The key question now seems to be whether the government leaves the door ajar for a referendum before the next general election.
The Sunday Telegraph newspaper this week claimed Mr Blair had won his battle to leave open that option - and was ready to put off the election until 2006 to allow for the euro vote.
Pro-euro cabinet ministers are understood to have used their individual meetings with Mr Blair and Mr Brown to push for the legislation to allow for a referendum to be included in the next Queen's Speech.
Winning the debate
The cabinet came together for the first time last Thursday to discuss the euro question.
After that meeting, Mr Blair said: "Each member of the cabinet and today the cabinet as a whole has made clear their support for the principle for joining the single currency, with its potential benefits to Britain, to jobs and industry and standard of living of the British people.
"And in addition each has made it clear that that decision, of course, must be based on the rigorous assessment of our long term economic interests."
The prime minister, speaking at his monthly news conference, went on to suggest that a referendum on euro membership could be won.
"I'm not sure that public opinion is in quite the settled place that some of those that are viscerally opposed to Europe say," he said.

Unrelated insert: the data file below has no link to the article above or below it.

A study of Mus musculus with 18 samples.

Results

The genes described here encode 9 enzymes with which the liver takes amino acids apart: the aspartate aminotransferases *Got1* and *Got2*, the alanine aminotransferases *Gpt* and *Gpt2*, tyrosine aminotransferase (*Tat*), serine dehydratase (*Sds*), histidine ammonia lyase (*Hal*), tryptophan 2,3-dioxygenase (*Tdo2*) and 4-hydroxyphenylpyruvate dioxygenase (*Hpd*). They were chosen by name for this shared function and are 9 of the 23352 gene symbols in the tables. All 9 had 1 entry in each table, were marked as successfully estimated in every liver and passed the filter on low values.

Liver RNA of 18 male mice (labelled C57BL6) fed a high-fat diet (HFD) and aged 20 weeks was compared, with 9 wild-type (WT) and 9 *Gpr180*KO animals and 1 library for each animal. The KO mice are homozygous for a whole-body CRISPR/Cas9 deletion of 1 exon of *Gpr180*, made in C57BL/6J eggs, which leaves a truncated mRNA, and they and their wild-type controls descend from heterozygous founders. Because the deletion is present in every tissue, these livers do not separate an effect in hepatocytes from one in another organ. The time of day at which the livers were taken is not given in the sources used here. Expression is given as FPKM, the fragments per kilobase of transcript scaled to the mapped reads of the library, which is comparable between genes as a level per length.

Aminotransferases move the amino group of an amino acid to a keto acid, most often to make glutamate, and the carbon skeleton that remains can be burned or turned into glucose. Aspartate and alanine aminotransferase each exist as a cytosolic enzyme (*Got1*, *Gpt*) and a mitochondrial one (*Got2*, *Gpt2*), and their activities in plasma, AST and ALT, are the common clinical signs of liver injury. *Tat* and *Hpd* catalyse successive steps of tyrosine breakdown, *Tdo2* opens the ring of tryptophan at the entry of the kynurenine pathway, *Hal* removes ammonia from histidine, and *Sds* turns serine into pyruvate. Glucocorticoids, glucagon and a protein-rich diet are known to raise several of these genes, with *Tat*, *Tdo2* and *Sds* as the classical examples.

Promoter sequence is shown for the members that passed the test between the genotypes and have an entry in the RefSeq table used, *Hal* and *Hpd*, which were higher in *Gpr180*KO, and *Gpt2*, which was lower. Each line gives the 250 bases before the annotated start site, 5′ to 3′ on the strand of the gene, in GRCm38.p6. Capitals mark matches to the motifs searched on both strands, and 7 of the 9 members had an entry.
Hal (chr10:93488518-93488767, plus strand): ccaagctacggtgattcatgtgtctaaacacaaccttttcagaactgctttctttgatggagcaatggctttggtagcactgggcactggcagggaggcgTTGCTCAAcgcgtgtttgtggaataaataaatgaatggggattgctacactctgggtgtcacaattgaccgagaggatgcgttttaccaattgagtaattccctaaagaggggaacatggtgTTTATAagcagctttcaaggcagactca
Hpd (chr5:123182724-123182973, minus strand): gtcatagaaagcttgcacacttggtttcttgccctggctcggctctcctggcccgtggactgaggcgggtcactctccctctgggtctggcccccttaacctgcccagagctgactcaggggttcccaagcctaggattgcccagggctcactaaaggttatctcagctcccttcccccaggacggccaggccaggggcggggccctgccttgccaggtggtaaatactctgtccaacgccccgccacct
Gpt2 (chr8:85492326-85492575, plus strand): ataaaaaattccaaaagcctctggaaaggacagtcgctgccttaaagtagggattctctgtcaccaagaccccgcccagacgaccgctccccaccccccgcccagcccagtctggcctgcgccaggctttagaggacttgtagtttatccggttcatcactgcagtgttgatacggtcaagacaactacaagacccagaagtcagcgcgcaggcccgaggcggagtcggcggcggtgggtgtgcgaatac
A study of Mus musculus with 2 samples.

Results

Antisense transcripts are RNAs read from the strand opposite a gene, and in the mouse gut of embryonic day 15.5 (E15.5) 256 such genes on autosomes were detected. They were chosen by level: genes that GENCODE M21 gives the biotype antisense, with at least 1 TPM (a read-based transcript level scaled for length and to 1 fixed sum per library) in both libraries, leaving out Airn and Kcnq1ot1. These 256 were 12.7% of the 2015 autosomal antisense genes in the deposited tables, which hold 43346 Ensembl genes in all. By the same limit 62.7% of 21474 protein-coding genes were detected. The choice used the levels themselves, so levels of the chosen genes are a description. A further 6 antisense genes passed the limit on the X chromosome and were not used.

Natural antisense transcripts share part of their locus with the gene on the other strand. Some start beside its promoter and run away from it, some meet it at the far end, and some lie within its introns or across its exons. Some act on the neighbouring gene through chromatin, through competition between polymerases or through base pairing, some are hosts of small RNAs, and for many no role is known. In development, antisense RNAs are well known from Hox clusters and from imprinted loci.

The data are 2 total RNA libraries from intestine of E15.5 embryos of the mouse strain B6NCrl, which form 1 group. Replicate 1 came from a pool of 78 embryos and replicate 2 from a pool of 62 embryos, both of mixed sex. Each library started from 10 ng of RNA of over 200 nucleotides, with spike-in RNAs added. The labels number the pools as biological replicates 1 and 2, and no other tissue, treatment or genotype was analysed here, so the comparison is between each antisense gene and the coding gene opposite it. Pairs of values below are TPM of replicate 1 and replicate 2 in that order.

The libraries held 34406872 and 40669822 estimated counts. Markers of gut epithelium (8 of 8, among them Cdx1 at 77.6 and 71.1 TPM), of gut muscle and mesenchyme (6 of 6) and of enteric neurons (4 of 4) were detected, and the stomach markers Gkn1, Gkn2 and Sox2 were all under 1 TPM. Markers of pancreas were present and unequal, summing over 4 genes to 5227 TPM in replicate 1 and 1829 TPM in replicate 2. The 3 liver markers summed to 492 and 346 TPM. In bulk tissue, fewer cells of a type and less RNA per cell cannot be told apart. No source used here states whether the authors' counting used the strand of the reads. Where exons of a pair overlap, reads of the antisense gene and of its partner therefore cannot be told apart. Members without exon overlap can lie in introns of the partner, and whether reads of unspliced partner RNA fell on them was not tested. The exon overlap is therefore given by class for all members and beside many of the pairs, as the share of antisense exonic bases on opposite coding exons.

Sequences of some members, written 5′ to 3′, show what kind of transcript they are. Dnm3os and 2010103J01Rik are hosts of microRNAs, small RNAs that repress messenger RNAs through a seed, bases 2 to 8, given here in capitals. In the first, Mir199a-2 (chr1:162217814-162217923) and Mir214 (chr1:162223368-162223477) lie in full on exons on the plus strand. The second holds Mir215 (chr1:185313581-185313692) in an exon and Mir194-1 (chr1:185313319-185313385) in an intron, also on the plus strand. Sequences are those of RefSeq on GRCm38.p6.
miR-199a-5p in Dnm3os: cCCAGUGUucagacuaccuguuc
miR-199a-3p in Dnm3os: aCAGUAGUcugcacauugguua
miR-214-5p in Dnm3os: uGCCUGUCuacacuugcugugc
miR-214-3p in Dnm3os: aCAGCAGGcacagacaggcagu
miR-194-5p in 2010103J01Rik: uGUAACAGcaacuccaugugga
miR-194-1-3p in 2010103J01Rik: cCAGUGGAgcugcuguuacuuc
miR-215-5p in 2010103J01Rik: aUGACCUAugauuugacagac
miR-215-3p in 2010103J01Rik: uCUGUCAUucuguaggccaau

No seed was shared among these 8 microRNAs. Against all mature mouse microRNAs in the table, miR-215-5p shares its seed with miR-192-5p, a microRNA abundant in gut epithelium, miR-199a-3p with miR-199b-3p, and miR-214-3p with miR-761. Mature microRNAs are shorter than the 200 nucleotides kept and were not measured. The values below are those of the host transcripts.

"I think when people reflect upon it they understand that it is not sensible for Britain to separate itself out from Europe."
Conservative shadow chancellor Michael Howard argued the whole euro verdict process was fundamentally flawed.
"Even if the tests were met today, how can anyone know whether they would also be met in two or five or 10 years time," he said.
"That is why Mervyn King, incoming Governor of the Bank of England, said it would take two or three hundred years worth of data to prove true convergence.
"That is why the Permanent Secretary to the Treasury, Gus O'Donnell, said that the tests would never give a clear and unambiguous verdict in favour of British entry to the euro."
Pro-euro Liberal Democrat Treasury spokesman Matthew Taylor on Thursday said everyone knew Mr Blair and Mr Brown were divided over holding a referendum before the next election.
"The cabinet consultation is just a charade to cover this titanic struggle," he said.
"The truth is that the decision boils down to a matter of judgement about Britain's best interests, and the only real way to resolve this conflict is to put it to a referendum so the British people can decide."